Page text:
Dynamic delivery
Data is driving us towards a future of personalised, dynamic delivery. Mike Richmond from parcel collection service Doddle tells us more.

When it comes to online shopping, speed of delivery has traditionally been a key factor in the way shoppers view convenience. But the rate at which retailers are trimming down delivery times — which has quickly gone from next-day to next-hour — is becoming unsustainable. Many are instead now looking at alternative ways of adding convenience, and much of this centres on slotting into shoppers’ daily routines as seamlessly as possible, by offering greater flexibility and choice in where and when their packages are delivered. 

Doddle is a parcel collection service in the UK that’s been carefully researching and responding to changing customer expectations around delivery. We spoke to Strategic Development Director Mike Richmond to find out more about how perceptions of convenience are changing, and what retailers can do to keep up. 

How have consumer expectations changed when it comes to delivery? Are shoppers looking for more than just speed?

When you look back to the “old” days of catalogue buying, waiting three or four weeks for an order to be delivered was standard. Skip forward to 2017 and next day delivery is the overwhelmingly preferred delivery option of UK shoppers, and Amazon are pushing the boundaries further with things like Prime Now. Interestingly, though, whilst the push has recently been for faster and faster delivery, I think the market’s now settling around a late cut-off next-day delivery product as it’ll be challenging for most retailers and carriers to provide a same-day delivery product in a sustainable way, at a price point which consumers are willing to pay.

As to the question of ‘more than just speed’ – we know consumers have come to expect free delivery, particularly over certain basket values, and increasingly they are looking for retailers to offer in-store and third-party click-and-collect offerings. We believe there’ll be over 150m parcels ‘click-and-collected’ this year – pretty amazing volume given click-and-collect didn’t exist a few years ago.

How has Doddle adapted and evolved?

We came to market three years ago looking to fundamentally change the way consumers collect and return online shopping. We’ve had to continually adapt based on feedback from retailers and consumers. The biggest change has been the move away from our network of dedicated stores. It has allowed us to expand our estate and stretch our ambition. We now offer Doddle services within other retail environments such as supermarkets, department and charity stores, which enables more consumers to access Doddle services. 


Organisations in the retail logistics sector are getting better at this, with the likes of Amazon and DPD leading the way, but I think there is still a lot of room for improvement across the board. If you think about the number of data points a business could use to personalise delivery options, we use hardly any of them. Instead, on most retail checkouts, consumers are typically served economy and next day delivery options, and services like click-and-collect are seen as innovation. In the future, I believe we’ll see a move towards personalised, dynamically-priced delivery options, based on all the data points available for that consumer (a sort of credit history for online shoppers and their ‘delivery success record’). Information such as historic delivery data for each customer, size and weight of product, preferred delivery speed, carrier capacity and the ability to consolidate that delivery with others via click-and-collect for instance, should be used to support smarter and more sustainable delivery pricing.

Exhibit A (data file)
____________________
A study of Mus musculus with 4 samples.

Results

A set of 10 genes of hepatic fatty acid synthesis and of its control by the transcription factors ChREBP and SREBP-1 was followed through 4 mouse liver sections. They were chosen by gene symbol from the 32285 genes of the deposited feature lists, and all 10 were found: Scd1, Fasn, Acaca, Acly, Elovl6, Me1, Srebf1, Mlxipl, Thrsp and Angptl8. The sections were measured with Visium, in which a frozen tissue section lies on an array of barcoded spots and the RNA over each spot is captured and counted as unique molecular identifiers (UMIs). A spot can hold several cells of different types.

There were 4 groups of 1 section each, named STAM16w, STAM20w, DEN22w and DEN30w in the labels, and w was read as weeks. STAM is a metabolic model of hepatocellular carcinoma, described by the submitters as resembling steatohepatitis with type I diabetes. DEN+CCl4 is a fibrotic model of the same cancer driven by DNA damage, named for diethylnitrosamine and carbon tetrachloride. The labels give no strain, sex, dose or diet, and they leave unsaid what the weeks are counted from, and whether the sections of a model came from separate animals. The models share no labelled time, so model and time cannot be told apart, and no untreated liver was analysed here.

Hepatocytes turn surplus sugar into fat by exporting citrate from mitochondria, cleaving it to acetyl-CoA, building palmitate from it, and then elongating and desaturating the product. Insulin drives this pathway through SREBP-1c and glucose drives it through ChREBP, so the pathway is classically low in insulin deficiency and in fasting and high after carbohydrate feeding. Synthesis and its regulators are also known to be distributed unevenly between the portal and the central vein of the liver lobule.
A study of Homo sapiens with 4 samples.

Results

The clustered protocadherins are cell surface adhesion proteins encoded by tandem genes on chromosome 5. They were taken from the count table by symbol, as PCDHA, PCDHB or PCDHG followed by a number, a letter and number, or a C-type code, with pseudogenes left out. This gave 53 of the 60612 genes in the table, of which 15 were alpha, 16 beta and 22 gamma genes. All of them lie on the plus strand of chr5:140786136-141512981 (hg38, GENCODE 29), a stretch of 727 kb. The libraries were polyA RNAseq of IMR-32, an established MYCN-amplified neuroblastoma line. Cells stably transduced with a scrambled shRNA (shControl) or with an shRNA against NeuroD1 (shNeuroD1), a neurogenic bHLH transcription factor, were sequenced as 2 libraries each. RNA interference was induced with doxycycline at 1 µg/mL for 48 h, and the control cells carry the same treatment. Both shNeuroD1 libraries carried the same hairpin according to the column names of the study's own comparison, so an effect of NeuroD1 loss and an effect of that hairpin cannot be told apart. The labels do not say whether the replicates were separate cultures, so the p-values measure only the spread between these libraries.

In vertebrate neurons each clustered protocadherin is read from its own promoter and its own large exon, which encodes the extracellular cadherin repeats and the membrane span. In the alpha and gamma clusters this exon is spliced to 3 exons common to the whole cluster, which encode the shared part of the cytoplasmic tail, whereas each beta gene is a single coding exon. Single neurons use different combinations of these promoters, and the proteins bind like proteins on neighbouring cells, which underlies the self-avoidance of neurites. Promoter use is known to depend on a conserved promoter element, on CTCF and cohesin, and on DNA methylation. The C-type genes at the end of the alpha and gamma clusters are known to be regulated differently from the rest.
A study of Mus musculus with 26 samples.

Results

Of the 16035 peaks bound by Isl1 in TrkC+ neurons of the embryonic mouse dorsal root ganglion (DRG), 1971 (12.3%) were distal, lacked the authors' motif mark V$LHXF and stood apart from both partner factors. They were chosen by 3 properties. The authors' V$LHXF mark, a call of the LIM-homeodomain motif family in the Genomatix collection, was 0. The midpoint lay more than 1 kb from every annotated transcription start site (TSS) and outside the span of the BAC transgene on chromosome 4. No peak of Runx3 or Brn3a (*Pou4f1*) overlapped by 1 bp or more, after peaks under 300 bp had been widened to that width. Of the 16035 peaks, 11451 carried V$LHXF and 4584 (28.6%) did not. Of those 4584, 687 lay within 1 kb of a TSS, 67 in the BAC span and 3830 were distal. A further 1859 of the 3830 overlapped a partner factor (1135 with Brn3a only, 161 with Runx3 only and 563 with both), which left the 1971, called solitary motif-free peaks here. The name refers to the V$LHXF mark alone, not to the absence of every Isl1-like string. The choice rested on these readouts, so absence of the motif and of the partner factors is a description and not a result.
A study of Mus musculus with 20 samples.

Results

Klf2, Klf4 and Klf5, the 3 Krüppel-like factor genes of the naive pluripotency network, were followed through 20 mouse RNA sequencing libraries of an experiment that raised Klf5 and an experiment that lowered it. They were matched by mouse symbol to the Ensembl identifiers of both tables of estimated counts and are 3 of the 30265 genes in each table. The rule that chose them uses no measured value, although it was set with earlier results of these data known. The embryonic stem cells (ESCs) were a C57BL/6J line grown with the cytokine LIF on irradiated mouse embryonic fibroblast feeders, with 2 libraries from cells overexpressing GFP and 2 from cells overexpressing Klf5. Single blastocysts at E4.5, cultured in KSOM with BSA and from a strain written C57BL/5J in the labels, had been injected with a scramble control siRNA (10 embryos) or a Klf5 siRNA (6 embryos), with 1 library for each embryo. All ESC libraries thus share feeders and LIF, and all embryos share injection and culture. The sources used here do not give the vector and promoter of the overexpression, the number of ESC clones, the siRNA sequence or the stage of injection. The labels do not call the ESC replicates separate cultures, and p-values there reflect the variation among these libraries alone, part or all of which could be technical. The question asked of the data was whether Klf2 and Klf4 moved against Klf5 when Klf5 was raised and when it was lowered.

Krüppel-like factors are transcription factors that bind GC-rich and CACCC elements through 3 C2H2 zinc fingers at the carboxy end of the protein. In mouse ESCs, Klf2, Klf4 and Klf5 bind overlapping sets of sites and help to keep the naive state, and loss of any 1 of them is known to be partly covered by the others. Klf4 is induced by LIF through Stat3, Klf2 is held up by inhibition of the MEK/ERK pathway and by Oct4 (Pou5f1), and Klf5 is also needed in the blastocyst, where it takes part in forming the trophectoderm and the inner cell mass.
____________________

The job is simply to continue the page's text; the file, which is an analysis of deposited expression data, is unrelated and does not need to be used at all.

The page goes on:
What are the main pain points customers are coming up against, and how are organisations tackling them?

The one issue we hear our customers talking about all the time is information. From tracking information on deliveries to updates on the progress of a return and refund, consumer expectations around information and communication have increased. I think we’ll see more businesses investing in customer care as a driver of customer lifetime value, and increased adoption of new communication channels to match consumers’ day-to-day communication preferences.

On the whole, though, I think consumers are well served by most retailers in the UK. The competitiveness of the UK delivery market has pushed prices down for the last decade, to the point where free delivery and returns are the norm in the UK. International retailers and carriers can’t fathom how it’s sustainable – some would argue it’s not.

Where do you think the future of delivery lies?

I’d love to see retailers and carriers upping their technological capability to offer more dynamic, personalised delivery options. In an economically efficient supply chain, prices should go down where consumers are flexible, delivery is easy, and demand is low — and it should go up when consumer delivery preference is rigid and specific, delivery is hard, and demand is high. We’re a long way from this model at the moment, but as each part of the customer journey becomes more personalised, it stands to reason that delivery should be too.

Broader, environmental issues will become a bigger consideration for the sector. For example, I think the impact home delivery has on air pollution and congestion will push the market away from home delivery being the norm as is more often the case in Europe. In Sweden, >80% of deliveries are collected at pick up points, with consumers paying a hefty premium for home delivery. That model would help solve a lot of the UK’s challenges in the delivery sector and also drastically reduce the number of vans we need on our roads every day.